Wymondham, Norfolk

The first evidence of Methodist activity was a visit of the young itinerant, Richard Reece, who in March 1789 preached at Sutton, a hamlet in the parish. The first services were held in cottages and barns. A chapel was built in another hamlet, Spooner Row, in 1814, but the first purpose-built chapel in the town was not opened until 1825. It was in Friarscroft Lane and belonged to the Norwich circuit.

Like so many Norfolk congregations, the society broke away from WM in 1850 and joined the Wesleyan Reformers, but did not last long. By 1874 a WM congregation, belonging to the Attleborough and New Buckenham Circuit, was once again worshipping in the town, in a former granary. A chapel was opened in 1879; it closed in 1933 and became a Masonic Hall.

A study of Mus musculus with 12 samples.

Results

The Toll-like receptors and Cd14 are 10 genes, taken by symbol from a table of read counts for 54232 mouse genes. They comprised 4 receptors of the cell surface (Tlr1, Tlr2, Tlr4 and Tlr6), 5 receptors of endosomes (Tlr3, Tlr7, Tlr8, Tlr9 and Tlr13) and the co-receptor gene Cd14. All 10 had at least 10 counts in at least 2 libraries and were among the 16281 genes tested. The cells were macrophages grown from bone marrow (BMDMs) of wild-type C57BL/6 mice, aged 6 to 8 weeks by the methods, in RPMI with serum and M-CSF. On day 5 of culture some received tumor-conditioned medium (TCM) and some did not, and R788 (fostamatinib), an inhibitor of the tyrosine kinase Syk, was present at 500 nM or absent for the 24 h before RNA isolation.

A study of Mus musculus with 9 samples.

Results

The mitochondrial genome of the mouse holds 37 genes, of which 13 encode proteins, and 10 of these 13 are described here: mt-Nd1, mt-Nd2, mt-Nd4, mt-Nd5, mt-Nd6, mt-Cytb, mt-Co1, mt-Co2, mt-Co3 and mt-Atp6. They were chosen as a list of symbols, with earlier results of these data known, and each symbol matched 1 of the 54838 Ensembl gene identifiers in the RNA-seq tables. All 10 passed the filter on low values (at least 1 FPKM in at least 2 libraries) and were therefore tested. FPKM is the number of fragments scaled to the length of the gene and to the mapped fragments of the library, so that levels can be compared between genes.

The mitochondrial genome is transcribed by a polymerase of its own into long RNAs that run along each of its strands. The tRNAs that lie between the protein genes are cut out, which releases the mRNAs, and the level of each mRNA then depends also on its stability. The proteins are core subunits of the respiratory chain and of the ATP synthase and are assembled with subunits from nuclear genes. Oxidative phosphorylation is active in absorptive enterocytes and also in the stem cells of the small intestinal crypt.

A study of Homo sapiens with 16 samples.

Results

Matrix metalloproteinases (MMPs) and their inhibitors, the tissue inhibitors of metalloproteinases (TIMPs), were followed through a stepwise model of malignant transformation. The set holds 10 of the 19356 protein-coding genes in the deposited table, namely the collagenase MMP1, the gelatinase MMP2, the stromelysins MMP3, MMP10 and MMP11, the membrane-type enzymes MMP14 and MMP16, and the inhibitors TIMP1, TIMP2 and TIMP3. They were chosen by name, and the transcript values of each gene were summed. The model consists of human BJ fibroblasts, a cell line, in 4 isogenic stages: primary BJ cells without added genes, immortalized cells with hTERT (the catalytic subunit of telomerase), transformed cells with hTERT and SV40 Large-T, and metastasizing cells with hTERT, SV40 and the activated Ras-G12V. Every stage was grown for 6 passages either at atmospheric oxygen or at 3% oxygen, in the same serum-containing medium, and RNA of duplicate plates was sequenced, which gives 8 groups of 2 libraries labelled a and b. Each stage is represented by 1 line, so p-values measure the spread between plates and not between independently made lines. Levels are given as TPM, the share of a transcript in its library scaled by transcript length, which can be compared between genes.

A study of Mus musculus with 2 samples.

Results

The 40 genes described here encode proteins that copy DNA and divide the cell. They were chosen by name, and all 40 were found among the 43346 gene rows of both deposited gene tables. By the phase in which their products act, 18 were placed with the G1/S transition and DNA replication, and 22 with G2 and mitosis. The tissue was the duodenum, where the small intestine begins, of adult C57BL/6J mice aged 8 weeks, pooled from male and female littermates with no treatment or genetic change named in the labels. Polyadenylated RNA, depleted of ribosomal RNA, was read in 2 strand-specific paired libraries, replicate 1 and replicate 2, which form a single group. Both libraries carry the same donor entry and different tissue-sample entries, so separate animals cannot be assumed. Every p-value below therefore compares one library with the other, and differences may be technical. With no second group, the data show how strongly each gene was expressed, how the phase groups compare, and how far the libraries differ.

A PM congregation, meeting in a cottage, was noted in 1823. From 1832 a succession of chapels were built. In 1841 meetings lapsed briefly as some members failed to meet the high standards demanded; but the congregation was reformed the following year. A PM plan for October 1833 to January 1834 listed societies at Wymondham and Wymondham Town; by 1835 there were four societies in the town. When the Norwich circuit was divided in 1837, the Town Green, Suton, Silfield and Wymondham Lizard societies were transferred to the Tibenham Branch, while Norwich Common remained in the Norwich Circuit. A new Town Green chapel was opened in 1871 and enlarged in 1880, with a schoolroom added in 1875 and a manse in 1878.

Following Methodist Union the WM congregation joined the PMs at the Town Green church. In 1968 the circuit was enlarged and became the Wymondham, Attleborough and Watton Circuit. In 1992 the Town Green Centre was built behind the church, largely from County Council funds, for use both by Methodism and as a MIND Day Centre.